I’m pitching this blog to you as a business piece on how even the best idea can have a fundamental problem that stops it being a market success.
It’s a story about my dad though, Colin, that I’ve never got around to writing down. It’s as much for my family as it is for you.
I’ve mentioned before that my father was a little eccentric. With the benefit of getting on a bit myself, I’ve come to some understanding of how he came to be what he was.
I’ve written about my paternal grandfather Philip, too. Philip was an unlucky genius. Blessed with perfect pitch, he could squeeze a tune out of anything although the violin was his weapon of choice. Latterly an Elder of the Free Church of Scotland Grandpa Campbell was a precentor who led the congregation in the singing of unaccompanied psalms in Gaelic, a haunting sound. Brought up in Tain (where Glenmorangie whisky comes from), he went to the High School and was heading for a university scholarship when his father, the local draper, died suddenly. There being little in the way of financial support in 1902 he left school at 14 and became an apprentice telegraphist with the Post Office in Elgin. The Great War saw him win a medal and lose his first wife to the flu. He remarried, and in 1929 he and Kate produced Colin.
We have a few pictures of my dad from the 1930s — blond hair and an ever-present grin, sitting on his first bike.
Then we got Hitler.
Philip was sent around Scotland as a Postmaster and wound up in Montrose in 1942. Again as a sidebar, we think that the Postmaster roles were a cover for secret communications work. It only became public knowledge about 20 years ago that a site near Montrose had been not just a listening station for the Bletchley Park Ultra code breakers but had been a full on code-breaking site with computers. We think that Philip was a “project manager” a reliable and trusted man.
Like his dad, Colin was a bright boy. Despite the privations of war, he was advanced a year at Montrose Academy and aged 16 was accepted by Edinburgh University to study art.
Then the wheels fell off.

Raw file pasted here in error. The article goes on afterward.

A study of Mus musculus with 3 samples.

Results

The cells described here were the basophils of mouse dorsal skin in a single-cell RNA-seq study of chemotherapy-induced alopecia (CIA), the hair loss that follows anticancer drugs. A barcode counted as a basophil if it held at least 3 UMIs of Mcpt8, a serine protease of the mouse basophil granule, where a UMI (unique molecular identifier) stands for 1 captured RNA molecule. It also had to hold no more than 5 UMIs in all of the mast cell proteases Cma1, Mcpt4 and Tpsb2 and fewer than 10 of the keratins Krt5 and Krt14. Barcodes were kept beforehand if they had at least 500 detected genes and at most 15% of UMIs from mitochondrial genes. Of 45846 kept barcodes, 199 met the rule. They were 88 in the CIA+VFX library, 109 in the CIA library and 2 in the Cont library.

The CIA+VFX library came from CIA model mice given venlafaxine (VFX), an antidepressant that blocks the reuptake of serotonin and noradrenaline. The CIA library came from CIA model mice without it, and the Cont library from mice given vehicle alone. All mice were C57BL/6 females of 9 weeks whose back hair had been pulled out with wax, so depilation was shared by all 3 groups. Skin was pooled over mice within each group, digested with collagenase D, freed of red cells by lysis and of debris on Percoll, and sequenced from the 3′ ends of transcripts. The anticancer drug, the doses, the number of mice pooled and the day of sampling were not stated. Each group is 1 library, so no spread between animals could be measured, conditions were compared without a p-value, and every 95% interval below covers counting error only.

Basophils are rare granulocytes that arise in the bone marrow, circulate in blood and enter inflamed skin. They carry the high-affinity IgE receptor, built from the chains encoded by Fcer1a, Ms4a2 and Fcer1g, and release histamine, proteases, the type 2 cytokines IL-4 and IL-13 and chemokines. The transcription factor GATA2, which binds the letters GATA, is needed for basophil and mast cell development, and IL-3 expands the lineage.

Six weeks into his course, he had a breakdown. Philip had to go down to Edinburgh to rescue him, and he spent a few weeks in a hospital. Dad had manic episodes for the rest of his life.
Philip used what influence he had to get Colin a job as an apprentice watchmaker with a local jeweller in 1947 and kept him out of National Service with a promise to volunteer for the Observer Corps.
Clock and watchmaking suited dad. On top of depression, he had what we now call autism, a side effect of which was the obsessive attention to detail required of a clockmaker.
Fast forward to 1961. Dad had formed the habit of taking his beloved bike on extended tours of the West of Scotland where he had spent some of his happiest childhood days. In the hamlet of Plockton, he met a cyclist coming the other way, her name was Hazel, and she was from Nottingham. They agreed to cycle to Loch Maree the next day and the following summer they were married in Edinburgh.
This is where today’s story starts.
Dad was a polymath. A skilled artisan, painter, naturalist and writer, if it hadn’t been for the Nazis and autism, he’d have been famous for much more than being the local eccentric.
By 1963 though dad was, a broke married polymath with a pregnant wife and sweaty feet.
If you live upstairs with your mum and dad, you might get away with smelly socks. If you marry a nurse with a hygiene fetish, you won’t
The fundamental problem was this. Dad knew that he had sweaty feet, so he bought leather soled shoes to let his feet breathe. Dad was also permanently short of money (the career opportunities for depressives with autism in small town jeweller’s shops being limited – he didn’t smoke or drink because he was abstemious but because he couldn’t afford to). Expensive leather soles wear out, however, if one glues rubber soles onto them they effectively last forever.
Unfortunately, rubber soles make your feet sweat. Trapped between a need to economise and developing trench foot, dad came up with a brilliant solution. Taking a vice and boring brace and bit, he drilled neat holes through to the cork inner sole of a trusty pair of well-worn brogues. It worked. His feet were fresh, especially on the bike, and he still had the longevity of rubber. Gradually “Colin Holes” were rolled out across his entire fleet of footwear. Patents were discussed. Fame and possibly a little bit of fortune were his for the taking.
This was all in the summer of 1963.
Then came October and the Scottish rainy season. Colin’s feet were no longer dry and comfortable. They were, in fact, permanently sodden. A desperate design work around using leather inserts from an old schoolbag failed. There was nothing for it but a trip to Mr Ogston the shoemaker to have five pairs of shoes resoled. Folding money changed hands. The sense of failure hung in the air.
Undaunted, Colin went on to invent the indestructible Hoover bag, the AGA mortar and the Meccano long case clock testing rig (which I still have).
So there we have it. Being brilliant doesn’t stop you from having terrible ideas.